Recordlection: I See A Darkness


There are a handful of specific, monumental moments of music discovery that I can reach back and point to in my life. I’m not speaking of a simple time when you find an album or track that you fall in love with either instantly or with time. That kind of thing is certainly special in its own right, but they happen, every so often, each year. I am talking about those rare, otherworldly instances that change the trajectory of your musical appreciation path altogether. Suddenly, you’re opened up to a universe that you wish you could have been familiar with well before that moment, but are grateful to have found it at all. The realization that great, deeply felt art exists around all corners of the world is a profound one, and sometimes you don’t have to go digging for it, but rather it comes hand delivered to your lap.

I recall the first time Bonnie ‘Prince’ Billy’s “I See A Darkness” was introduced to me, in the fall of 2002 by my best friend who had, in prior years, been instrumental in shaping a personal music taste that I was proud to have when I was younger. During our core teenage years in the mid-late ’90s, we spent many nights pondering the strangeness of the discoveries of artists like Dr. Octagon and Portishead, and we were endlessly hungry afterwards to find the “different” in the music universe. It was a rewarding friendship for a cavalcade of reasons, but especially with the mutual sharing of the many record store scouring and listening sessions. When he brought the CD into my house in the fall of ’02, I had no idea just how important that evening would be for me on a personal level. “You need to listen to this album now. I’ve been obsessed. It is genius.” This kind of statement wasn’t thrown by my friend very often, so we immediately played the record in its entirety, and everything changed after that point.

I knew nothing of Bonnie ‘Prince’ Billy before that night, but my research and study of his back catalog and career would become an immediate focus, and Will Oldham instantly became one of the most cherished songwriters in my life, of which he still is to this day. “I See A Darkness” paints a bleak palette at its surface, yet for all of the ominous landscapes on display, there is a never ending sense of an appreciation/value for life itself. At the time of my first listen to the record it had already had three years on the shelves, and Johnny Cash had brought Oldham into the studio to cover its title track with him just one year after its release. This kind of thing speaks volumes about the impact of the songwriting on the album, and the exposure that Mr. Cash brought Oldham at the time was special and more than well-deserved.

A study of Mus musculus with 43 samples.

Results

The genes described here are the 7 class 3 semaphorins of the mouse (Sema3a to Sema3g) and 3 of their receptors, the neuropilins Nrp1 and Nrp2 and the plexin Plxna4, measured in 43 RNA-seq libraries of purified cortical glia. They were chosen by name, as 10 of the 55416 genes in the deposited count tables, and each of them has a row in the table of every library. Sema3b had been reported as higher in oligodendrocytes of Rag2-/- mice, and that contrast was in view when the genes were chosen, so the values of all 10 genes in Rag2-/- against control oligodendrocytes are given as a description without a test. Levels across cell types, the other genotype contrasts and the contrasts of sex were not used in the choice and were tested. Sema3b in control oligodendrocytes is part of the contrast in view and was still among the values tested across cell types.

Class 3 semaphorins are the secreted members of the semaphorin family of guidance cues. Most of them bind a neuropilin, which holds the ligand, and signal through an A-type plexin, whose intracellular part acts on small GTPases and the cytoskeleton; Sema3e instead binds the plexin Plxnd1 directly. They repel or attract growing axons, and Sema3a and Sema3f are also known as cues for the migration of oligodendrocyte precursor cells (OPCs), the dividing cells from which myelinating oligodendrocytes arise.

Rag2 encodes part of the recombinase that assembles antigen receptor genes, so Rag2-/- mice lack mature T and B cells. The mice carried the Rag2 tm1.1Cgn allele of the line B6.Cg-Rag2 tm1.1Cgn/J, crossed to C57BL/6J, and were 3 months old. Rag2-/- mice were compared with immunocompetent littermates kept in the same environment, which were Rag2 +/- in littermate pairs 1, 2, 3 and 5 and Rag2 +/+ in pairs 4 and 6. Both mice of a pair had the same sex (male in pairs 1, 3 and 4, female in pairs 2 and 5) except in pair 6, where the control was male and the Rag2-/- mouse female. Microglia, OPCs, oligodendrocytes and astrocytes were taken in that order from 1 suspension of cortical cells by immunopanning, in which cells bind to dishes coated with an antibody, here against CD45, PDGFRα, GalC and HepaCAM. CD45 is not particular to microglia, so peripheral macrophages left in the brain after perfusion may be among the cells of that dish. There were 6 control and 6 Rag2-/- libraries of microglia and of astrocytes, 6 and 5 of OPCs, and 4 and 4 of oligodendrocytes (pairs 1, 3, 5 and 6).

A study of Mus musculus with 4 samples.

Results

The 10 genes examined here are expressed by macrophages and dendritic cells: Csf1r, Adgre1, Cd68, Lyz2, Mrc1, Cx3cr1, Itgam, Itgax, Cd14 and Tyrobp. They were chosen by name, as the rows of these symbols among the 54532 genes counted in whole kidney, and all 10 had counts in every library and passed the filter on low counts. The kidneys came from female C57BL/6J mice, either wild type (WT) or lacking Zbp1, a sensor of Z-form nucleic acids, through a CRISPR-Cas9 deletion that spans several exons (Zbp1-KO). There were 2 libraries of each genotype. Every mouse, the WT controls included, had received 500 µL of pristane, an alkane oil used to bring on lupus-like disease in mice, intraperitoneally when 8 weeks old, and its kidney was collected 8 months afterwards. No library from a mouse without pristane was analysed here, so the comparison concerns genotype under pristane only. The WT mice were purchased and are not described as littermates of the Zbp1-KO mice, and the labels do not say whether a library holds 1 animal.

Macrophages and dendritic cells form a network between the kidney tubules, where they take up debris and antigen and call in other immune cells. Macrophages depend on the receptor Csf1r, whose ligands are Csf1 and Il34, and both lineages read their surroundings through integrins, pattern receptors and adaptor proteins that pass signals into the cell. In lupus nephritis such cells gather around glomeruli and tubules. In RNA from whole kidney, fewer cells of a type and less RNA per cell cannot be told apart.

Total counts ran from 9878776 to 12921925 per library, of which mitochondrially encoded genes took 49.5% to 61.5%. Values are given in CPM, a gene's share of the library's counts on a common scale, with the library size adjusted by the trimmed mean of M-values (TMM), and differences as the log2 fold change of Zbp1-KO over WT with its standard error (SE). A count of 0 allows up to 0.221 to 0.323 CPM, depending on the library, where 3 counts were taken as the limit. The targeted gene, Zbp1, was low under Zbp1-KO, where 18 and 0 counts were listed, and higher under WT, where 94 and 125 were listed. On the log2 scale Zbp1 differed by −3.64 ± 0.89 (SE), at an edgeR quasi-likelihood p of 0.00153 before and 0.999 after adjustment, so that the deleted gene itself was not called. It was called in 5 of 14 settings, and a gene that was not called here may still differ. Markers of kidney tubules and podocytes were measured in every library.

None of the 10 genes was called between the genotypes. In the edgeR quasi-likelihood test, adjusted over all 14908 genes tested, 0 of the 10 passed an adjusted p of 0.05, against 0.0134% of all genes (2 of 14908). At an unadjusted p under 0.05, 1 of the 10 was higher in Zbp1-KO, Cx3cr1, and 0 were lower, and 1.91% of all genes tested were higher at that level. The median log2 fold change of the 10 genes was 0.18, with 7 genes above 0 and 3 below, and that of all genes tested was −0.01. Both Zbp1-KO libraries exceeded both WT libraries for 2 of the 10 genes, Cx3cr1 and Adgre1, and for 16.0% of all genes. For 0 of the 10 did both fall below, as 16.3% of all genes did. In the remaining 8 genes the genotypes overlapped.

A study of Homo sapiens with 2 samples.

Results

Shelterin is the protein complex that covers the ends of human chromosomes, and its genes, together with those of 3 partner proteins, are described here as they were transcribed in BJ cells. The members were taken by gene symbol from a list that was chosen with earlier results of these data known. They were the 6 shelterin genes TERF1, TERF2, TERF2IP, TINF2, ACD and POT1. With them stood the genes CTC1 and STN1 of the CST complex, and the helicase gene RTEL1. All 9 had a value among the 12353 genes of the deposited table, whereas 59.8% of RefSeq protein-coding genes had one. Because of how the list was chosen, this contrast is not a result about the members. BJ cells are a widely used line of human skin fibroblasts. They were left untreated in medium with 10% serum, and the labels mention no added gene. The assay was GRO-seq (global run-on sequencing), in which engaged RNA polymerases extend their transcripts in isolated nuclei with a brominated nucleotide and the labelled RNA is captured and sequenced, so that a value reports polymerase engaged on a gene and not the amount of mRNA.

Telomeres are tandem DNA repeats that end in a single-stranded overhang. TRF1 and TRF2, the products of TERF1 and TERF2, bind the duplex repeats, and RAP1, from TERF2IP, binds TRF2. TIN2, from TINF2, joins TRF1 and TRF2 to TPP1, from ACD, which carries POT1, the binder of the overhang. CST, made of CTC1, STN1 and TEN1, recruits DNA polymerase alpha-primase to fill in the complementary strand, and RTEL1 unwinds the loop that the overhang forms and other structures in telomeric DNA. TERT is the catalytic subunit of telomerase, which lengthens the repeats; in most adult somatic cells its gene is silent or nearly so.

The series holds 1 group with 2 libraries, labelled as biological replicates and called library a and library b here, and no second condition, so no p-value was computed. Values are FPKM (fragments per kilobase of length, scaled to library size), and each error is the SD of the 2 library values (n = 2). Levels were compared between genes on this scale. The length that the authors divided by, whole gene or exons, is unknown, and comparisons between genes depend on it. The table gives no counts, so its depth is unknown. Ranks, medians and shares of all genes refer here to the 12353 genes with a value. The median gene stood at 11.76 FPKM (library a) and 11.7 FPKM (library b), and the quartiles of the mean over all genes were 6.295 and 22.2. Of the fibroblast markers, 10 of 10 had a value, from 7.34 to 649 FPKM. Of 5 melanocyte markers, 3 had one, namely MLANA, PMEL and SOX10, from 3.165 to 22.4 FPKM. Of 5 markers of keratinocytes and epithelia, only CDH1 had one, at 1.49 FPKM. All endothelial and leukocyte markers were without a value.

It’s been nearly fifteen years since I was introduced to the album, and of the music of Oldham entirely, and he remains a “folk-punk chameleon,” if you will, releasing intriguing music at a prolific rate, of which I keep in my sights and sounds closely. There are several records throughout his resume that are standout highlights, but it is almost indisputable that “I See A Darkness” remains that defining collection. Perhaps even if it wasn’t his absolute best album, I would still hold it in highest regard for being the one that introduced me to his music. To this day, Oldham doesn’t have an appropriate or justified audience. This kind of creator only comes around a few times per generation. He is the kind of musician that could be called an auteur, especially in his specific arrangement of words  from “A Minor Place”

Singing from my little point
And aching in my every joint
I thank the world it will anoint me
If I show it how I hold it

For whatever reason, I still have not seen Oldham live in concert. Being from the midwest, and in fact just a couple of hours from his home city of Lousiville, Kentucky, I have had many chances over the years, but it just hasn’t happened yet. I have, however, had the opportunity to talk with him in person at a recent Cantillon Zwanze Day toasting in Louisville. There was no mention of music or how I had adored his work for nearly a decade and a half. We simply had a moment to talk about sour beer and our love for the local Louisville beer bar, The Holy Grale, at which we were attending the event. It was another small but important link in my experience with the music of Will Oldham, and on that beautiful Zwanze Day I thought of the monumental, ongoing part “I See A Darkness” has played in my life.

 


Much of who Andy Ferguson has become can be directly attributed to the summer of 1997, when he stumbled upon VHS copies of ‘Swingers’ and ‘Bottle Rocket’, while almost simultaneously becoming introduced to the Dr. Octagon album, ‘Dr. Octagonecologyst’. Living in a small country town in Indiana as a 13 year-old worshipping artists like Kool Keith and Pavement instantly makes one into more than an outcast. Instead of becoming the cliched friendless and depressed shut-in, he embraced the otherworldly culture that these records and films were presenting him.